The UBGF and AKC Scale of Points


Head - Total 25 points
Skull 5 points
Ears 10 points
Eyes 5 points
Muzzle 5 points

Body-Total 35 points
Neck 5 points
Chest & Shoulders 15 points
Back, Loin & Ribs 15 points


Running Gear - Total 30 points
Forelegs 10 points
Hips, Thighs & Hind legs 10 points
Feet 10 points

Others - Total 10 points
Coat 5 points
Tail 5 points

Overall Total 100 points.
 


Beagle shows are rarely that closely contested, even among show beagles. A good beagle judge should be able to look over an entry and quickly make decisions to place the hounds. Good judges usually have general agreement from the spectators, just like in the field.

For me, the most important quality is movement - I want to see good extension/reach from the side, and straight tracking from front and back.

Missing testicles and bad bites would probably be disqualifers for me. I would not look favorably at light eyes or kinked tails, although a nice hound otherwise might slide through with those. A lot of good hounds do not score as high as they should because they are shy, poorly trained, or too tired from running to show themselves well. A good handler will have his/her hound ready to show to its best advantage.


I know this isn't exactly what you are asking but, if I was to judge the bench portion of the UBGF trial I would crack down on the poor legs and feet that we still see. So many judges are picking hounds based on their heads, and how pretty of shape they are. Meanwhile so many of the dogs at are trials today have terribly sloping pasterns, are out at the elbows, in at the knees, and have feet that are flat and floppy like a slice of bologna.

Sloping pasterns:
Here is a picture of one of my hound's pasterns. They aren't good, but even these are better than a few of today's top studs. His feet could be a quite a bit tighter (and his nail could be a little more clipped...). If you were to take a stick, and stand it on its end and push straight down to break it (compression force), which one would snap in half easier, a straight stick, or one that was curved like a banana? This same concept of compression force is why legs should be straighter rather than out at the knee, which we often see a lot too.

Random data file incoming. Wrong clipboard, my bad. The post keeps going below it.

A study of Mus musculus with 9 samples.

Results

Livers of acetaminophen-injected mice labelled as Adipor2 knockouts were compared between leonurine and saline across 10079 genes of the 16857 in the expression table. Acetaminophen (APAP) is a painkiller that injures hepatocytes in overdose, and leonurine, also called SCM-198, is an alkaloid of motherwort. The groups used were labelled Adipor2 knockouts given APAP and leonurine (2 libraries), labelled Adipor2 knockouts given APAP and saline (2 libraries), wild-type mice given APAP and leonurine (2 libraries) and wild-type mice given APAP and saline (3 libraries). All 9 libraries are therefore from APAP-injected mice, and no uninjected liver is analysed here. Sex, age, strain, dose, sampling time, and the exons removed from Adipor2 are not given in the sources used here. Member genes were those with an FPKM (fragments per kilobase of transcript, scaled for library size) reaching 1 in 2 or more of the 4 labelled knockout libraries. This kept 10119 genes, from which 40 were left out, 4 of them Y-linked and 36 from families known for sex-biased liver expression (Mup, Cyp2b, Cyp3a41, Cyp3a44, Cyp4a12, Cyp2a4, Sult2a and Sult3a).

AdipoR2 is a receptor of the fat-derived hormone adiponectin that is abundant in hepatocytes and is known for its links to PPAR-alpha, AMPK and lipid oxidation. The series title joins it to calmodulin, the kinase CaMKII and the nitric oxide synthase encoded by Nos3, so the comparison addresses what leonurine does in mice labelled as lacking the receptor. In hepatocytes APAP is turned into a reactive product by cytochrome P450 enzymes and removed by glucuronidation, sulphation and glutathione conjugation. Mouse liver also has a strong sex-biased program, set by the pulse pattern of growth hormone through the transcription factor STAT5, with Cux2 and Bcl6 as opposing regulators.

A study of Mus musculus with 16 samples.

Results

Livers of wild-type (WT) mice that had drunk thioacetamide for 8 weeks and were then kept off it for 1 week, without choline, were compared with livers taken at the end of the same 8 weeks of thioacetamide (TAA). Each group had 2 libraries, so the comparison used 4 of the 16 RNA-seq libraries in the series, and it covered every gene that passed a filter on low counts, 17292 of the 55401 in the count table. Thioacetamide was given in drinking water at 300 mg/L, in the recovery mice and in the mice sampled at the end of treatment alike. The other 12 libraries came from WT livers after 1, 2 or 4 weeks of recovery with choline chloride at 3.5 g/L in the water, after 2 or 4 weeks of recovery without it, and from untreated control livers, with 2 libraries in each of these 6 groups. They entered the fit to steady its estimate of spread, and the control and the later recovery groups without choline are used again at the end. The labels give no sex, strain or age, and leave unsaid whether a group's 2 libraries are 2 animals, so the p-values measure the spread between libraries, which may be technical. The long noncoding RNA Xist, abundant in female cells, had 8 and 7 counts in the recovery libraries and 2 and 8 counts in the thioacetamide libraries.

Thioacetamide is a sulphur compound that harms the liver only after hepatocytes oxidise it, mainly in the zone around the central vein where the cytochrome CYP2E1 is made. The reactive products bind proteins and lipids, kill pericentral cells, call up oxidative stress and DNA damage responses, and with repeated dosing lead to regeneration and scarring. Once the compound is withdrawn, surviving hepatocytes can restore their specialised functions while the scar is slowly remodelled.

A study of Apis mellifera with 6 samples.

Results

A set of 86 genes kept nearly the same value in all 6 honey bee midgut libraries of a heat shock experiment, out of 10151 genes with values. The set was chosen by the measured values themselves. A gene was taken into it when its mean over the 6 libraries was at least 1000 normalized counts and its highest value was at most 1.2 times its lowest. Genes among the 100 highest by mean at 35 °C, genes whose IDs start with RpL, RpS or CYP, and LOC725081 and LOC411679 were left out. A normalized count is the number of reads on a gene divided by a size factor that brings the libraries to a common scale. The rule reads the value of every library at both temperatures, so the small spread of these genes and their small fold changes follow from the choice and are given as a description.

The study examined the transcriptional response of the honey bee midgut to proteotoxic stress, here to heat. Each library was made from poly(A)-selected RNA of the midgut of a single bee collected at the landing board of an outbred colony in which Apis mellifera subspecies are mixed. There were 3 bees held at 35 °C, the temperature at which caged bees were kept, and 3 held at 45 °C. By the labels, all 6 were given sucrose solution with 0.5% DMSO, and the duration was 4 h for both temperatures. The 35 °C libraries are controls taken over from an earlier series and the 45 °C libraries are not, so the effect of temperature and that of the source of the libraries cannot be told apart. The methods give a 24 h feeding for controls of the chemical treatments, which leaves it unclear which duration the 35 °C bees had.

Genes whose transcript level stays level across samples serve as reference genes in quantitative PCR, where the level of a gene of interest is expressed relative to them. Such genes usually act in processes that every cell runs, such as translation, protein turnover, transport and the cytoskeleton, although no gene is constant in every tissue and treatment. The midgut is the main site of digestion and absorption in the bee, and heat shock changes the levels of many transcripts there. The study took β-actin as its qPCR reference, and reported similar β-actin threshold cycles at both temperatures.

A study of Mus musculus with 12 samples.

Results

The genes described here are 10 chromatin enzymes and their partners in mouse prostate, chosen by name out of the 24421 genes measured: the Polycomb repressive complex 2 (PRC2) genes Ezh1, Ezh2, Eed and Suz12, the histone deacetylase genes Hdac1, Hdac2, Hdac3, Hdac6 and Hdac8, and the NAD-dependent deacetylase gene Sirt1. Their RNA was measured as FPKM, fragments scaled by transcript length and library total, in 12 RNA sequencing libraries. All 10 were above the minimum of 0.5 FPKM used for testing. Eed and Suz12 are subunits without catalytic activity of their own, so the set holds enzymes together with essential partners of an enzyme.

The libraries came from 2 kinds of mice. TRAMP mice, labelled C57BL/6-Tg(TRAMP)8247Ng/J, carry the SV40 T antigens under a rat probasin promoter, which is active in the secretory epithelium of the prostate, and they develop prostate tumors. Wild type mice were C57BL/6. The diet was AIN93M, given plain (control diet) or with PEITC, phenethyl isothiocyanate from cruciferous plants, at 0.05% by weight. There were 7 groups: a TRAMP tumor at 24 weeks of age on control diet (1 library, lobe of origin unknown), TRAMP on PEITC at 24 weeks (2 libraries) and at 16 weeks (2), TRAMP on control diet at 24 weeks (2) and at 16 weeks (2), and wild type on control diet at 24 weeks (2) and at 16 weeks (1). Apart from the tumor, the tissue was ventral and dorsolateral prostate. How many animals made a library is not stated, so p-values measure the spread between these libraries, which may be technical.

55952





Flat feet:
These are bad, but once again, I see much worse. If the dog has running gears, the feet are the wheels and the pads the tires. Seems pretty important to a hound that can hold up running all day! Where can I find a stud with nice firm and tight feet?
I do my best to follow those rules, I use the ubgf sheets given to us.
What sticks out most on the bad to me:
Over/under bite
Small pointy head
Too short or long ears
No chest
Crooked legs
Bad feet
Sway back
Greesey slick coat
Weak hind end
Squatty hound looking more like a basset hound.

Instant disqualification one testical or none on a male.

Now the good is the opposite of what I listed above.

Make sure when you get down to the final how ever many, you walk them through n front of you. Some folks can stand a hound and hide some flaws.
Tell in myself! I gave a win to a beautiful hound, one of the nicest I ever saw. It was my first judging, it was windy wet and cold, I was talked out of the final walk and stand the hounds. The handler stood that hound so nice. After the trial I saw the hound again, it had such a crooked leg I about got sick knowing I gave a win to that SOB. Never again! Now I don't care how big of a hurry your in. I am taking that one last look.